The World Health Organisation is calling for countries to take urgent action to address inadequacies in mental health care.
In its largest review of mental health care since the turn of the century, the WHO today published a blueprint for transforming mental health issues globally.
It is urging governments and advocates to step up commitment and action to change attitudes, actions and approaches to mental health.
Latest figures show nearly a billion people ― including 14 per cent of the world’s adolescents ― are living with a mental disorder, accounting for one in eight people globally.
In the UAE it says the number of patients seeking help for mental health problems increased at least sixfold in the past three years.
The WHO says depression and anxiety went up by more than 25 per cent in the first year of the pandemic and says even in high-income countries only a third of people with depression receive formal treatment.
Its research shows suicide accounts for more than 1 in 100 deaths and 58 per cent of suicides occurred before age 50.
People with severe mental health conditions die on average 10 to 20 years earlier than the general population, mostly the result preventable physical diseases, it says.
Across countries, it identified the poorest and most disadvantaged in society as being at greatest risk of mental ill-health and who are also the least likely to receive adequate services.
It also says climate change can affect mental health.
WHO director general Tedros Adhanom Ghebreyesus is calling for more investment in mental health as the report reveals countries dedicate on average less than 2 per cent of their healthcare budgets to mental health.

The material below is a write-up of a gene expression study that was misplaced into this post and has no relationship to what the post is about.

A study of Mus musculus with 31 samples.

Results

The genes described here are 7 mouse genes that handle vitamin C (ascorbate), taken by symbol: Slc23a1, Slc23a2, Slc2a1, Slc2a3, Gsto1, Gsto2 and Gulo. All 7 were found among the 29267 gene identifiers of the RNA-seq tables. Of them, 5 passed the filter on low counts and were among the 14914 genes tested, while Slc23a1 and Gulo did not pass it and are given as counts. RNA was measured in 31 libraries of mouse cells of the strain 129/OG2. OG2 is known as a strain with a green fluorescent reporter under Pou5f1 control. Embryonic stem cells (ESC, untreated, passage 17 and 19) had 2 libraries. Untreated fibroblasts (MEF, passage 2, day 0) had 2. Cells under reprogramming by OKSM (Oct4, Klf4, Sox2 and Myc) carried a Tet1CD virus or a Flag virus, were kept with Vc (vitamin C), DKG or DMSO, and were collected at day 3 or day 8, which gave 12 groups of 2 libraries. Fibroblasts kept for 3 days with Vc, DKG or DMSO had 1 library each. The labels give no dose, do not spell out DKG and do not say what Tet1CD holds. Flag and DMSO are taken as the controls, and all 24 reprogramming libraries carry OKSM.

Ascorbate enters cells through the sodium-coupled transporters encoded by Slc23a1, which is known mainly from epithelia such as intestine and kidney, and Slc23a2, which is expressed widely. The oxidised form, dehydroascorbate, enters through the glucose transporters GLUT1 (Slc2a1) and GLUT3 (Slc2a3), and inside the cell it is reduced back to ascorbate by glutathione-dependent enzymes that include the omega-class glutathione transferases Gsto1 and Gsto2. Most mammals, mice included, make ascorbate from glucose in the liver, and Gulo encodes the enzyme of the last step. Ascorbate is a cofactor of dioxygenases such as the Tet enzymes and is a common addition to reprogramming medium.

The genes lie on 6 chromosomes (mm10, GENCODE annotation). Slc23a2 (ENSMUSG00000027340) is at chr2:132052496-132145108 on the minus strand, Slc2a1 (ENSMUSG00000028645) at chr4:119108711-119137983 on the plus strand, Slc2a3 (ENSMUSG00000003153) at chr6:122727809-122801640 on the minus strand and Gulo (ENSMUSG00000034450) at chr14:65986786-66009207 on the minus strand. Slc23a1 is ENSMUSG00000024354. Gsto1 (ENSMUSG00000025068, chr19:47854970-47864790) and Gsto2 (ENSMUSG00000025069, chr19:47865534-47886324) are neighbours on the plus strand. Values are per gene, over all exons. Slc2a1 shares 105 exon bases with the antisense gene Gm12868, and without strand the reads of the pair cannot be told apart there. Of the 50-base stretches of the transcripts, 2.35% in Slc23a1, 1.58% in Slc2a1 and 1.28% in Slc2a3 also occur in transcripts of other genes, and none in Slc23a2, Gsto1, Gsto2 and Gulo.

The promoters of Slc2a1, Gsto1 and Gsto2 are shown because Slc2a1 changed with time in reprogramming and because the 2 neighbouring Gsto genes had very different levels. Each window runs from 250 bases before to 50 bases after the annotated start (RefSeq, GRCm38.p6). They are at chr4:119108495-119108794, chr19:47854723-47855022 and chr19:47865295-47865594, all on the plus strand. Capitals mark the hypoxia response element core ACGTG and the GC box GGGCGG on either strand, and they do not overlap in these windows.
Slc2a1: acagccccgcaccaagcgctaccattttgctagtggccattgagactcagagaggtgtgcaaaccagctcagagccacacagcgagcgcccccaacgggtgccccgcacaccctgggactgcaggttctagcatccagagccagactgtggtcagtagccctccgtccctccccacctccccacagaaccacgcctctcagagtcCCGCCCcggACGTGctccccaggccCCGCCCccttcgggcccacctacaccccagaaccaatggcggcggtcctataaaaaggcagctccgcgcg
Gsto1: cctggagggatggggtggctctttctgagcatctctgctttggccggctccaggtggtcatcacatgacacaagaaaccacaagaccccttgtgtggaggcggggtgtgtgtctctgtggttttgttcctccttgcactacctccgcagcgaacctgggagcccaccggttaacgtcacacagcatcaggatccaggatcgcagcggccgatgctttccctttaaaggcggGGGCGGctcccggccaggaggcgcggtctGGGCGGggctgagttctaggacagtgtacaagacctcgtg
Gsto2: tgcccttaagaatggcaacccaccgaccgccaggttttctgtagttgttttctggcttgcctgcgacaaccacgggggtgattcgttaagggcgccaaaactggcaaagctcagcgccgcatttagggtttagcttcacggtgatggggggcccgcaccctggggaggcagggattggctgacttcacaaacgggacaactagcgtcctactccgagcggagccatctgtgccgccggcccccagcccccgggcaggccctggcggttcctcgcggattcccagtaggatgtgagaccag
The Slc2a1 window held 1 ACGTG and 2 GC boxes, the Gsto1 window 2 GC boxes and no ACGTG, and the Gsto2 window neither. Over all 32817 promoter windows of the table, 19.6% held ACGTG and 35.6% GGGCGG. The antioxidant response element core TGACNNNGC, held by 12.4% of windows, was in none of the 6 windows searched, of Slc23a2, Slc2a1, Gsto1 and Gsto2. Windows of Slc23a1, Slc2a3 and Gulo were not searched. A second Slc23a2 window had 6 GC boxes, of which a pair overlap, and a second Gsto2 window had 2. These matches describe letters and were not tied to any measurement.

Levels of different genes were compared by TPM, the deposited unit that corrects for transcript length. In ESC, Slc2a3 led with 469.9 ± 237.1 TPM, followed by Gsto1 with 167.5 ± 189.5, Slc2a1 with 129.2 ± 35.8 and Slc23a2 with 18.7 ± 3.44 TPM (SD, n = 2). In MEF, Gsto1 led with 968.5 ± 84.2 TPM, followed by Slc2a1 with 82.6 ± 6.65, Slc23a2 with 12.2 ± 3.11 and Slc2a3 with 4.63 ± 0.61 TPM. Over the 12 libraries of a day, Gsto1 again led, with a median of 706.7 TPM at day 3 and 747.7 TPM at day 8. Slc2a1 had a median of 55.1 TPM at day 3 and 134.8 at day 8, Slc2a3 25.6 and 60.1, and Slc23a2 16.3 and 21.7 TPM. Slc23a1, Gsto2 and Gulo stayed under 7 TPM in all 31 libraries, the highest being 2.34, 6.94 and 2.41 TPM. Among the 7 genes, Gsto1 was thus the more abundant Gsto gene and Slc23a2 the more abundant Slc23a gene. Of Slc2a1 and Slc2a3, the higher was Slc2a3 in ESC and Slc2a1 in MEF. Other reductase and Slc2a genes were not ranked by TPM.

“Everyone’s life touches someone with a mental-health condition. Good mental health translates to good physical health and this new report makes a compelling case for change,” he said.
“The inextricable links between mental health and public health, human rights and socioeconomic development mean that transforming policy and practice in mental health can deliver real, substantive benefits for individuals, communities and countries everywhere. Investment into mental health is an investment into a better life and future for all.”
The report urges all countries to accelerate their implementation of the comprehensive mental health action plan 2013–2030.
It says progress has been slow, revealing that 45 per cent of countries reported in 2013 that they had mental-health policies and plans that were aligned with human rights instruments, but despite an action plan to reach 80 per cent by 2030 only 51 per cent have so far done so..
“Pockets of progress achieved over the past decade prove that change is possible,” the report says.
“But change is not happening fast enough, and the story of mental health remains one of need and neglect. For decades mental health has been one of the most overlooked areas of public health, receiving a tiny part of the attention and resources it needs and deserves.”
It makes several recommendations for action, which are grouped into three "paths to transformation" that focus on shifting attitudes to mental health, addressing risks to mental health and strengthening systems of care for mental health.
It calls on nations and organisations to work together to deepen the value and commitment given to mental health, reshape the environments that influence mental health and strengthen the systems that care for people’s mental health.
Devora Kestel, director of the WHO’s mental health and substance use department, has called for change.
“Every country has ample opportunity to make meaningful progress towards better mental health for its population,” she said.
“Whether developing stronger mental health policies and laws, covering mental health in insurance schemes, developing or strengthening community mental health services or integrating mental health into general health care, schools, and prisons, the many examples in this report show that the strategic changes can make a big difference.”